SEN. RON JOHNSON: “FOLLOW MITT ROMNEY’S PLAN TO RESTORE ECONOMIC GROWTH”
“There are many differences between Obama and Romney. But perhaps none is starker than their two plans for restoring economic growth. Obama is high on rhetoric but low on specifics and low on new ideas. Romney’s proposals are bold and precisely what this country needs.” – Sen. Ron Johnson
Follow Mitt Romney’s Plan To Restore Economic GrowthPolitico
Sen. Ron Johnson
September 16, 2012
Jobs. The economy. Growth. These are the issues that should define this election.
For almost four years, President Barack Obama has pursued his plan — the plan he claims he will continue if he is reelected. That plan has focused on expanding government. We’ve seen a roughly $800 billion stimulus. We’ve seen billions invested in “green energy” companies, many of which the president’s campaign donors either ran or invested heavily in. Despite these efforts — or perhaps because of them — unemployment has remained above 8 percent for 43 months, and the growth of our economy has slowed to less than 2 percent. With no relief in sight.
Now the president is calling for more of the same. He wants to pass a jobs plan — a second stimulus paid for by higher deficits or more taxes on small business. It’s curious that he is willing to increase taxes on small businesses when the economy is slowing because in 2010, he said that raising taxes “would be a mistake when the economy has not fully taken off.”
These are bad ideas — not the sort of proposals that anyone hoping to return our nation to prosperity should support.
It doesn’t have to be this way. We have an alternative, a plan based on the things that have made our country prosperous in the past. It’s Republican presidential nominee Mitt Romney’s plan — and it’s one that deserves a chance.
Romney’s plan is based on several pillars: reducing wasteful federal spending, reforming the nation’s Tax Code, developing trading opportunities, restoring the viability of entitlement programs and reining in needless regulation. These reforms are critical if we are to end the spiral of uncertainty and bloated government that has kept our economy from recovering.
His plan begins with stopping the runaway spending and debt that is increasing market uncertainty and mortgaging our future. Romney aims to reduce federal spending as a share of gross domestic product to 20 percent by 2016.
His critics will, no doubt, howl that these are draconian cuts that will lead to a parade of horrible outcomes. But in fact, they are merely reductions in the rate of spending growth, and 20 percent is the 40-year average spending level prior to the Obama administration’s four-year spending spree.
Still, taking this simple step will not only help to lift uncertainty; it will eliminate the need for job-killing tax increases like the one Obama is now pushing.
But it doesn’t end with reducing the rate of spending growth. Our Tax Code has been in need of reform for decades. Romney will finally make that a reality. He plans to reduce individual marginal income tax rates across the board by 20 percent. He will keep current low rates on dividends and capital gains. And he will reduce our corporate income tax rate — now the highest in the developed world — to 25 percent. Because he will also broaden the base, this reform will not only simplify the code and reduce the tax burden on average Americans, it will do so in a revenue-neutral way that will not increase the deficit.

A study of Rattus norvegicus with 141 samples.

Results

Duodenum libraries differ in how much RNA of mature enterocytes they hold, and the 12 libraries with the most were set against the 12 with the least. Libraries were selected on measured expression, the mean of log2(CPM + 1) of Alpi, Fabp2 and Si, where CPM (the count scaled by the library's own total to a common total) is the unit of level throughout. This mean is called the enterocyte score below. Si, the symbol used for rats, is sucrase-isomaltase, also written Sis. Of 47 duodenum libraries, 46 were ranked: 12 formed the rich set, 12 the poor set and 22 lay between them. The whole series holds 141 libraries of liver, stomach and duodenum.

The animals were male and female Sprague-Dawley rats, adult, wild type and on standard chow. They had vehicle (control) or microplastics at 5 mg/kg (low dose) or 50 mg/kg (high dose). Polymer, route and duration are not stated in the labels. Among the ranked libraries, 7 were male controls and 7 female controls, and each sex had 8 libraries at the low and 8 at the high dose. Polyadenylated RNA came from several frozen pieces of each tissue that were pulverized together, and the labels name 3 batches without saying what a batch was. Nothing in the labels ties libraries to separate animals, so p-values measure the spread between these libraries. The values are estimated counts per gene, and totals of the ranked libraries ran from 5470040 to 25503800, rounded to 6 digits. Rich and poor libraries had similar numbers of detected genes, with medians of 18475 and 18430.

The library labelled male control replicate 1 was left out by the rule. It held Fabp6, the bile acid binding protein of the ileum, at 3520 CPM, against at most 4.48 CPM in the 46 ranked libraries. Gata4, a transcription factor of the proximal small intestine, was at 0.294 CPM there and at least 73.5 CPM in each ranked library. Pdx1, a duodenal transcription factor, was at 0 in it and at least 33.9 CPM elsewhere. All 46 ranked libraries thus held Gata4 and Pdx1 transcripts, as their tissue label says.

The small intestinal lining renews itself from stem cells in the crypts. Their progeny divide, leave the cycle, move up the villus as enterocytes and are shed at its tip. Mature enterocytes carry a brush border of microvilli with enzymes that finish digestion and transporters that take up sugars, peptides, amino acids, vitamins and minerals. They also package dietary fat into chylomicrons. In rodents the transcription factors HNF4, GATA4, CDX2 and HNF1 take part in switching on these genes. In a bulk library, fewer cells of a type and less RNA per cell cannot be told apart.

One major drag on our economy has been our entitlement programs. Social Security and Medicare are increasing in cost and, without reform, both will go bankrupt. Romney plans on gradually reducing growth in Social Security and Medicare benefits for wealthy seniors while giving more choice in Medicare programs and benefits. Saving Social Security and Medicare doesn’t have to mean reduced benefits for middle-class Americans. But it will require leadership.
In addition, we must reduce the weight of government that burdens our job creators. We can do this by eliminating ineffective, harmful and costly regulations. Romney will review the cost of every regulation and get rid of those that cost more than they are worth. He will remove regulatory barriers to energy production and job creation.
Most important, he plans to repeal “Obamacare.” Instead of expanding government, Romney will empower market-oriented, individual-based reform.
There are many differences between Obama and Romney. But perhaps none is starker than their two plans for restoring economic growth. Obama is high on rhetoric but low on specifics and low on new ideas. Romney’s proposals are bold and precisely what this country needs.
We have had enough talk, and we’ve heard enough speeches. It’s time for change. That’s what Obama promised four years ago. He didn’t deliver.
Obama didn’t keep his promises. Romney will. That’s change we can believe in.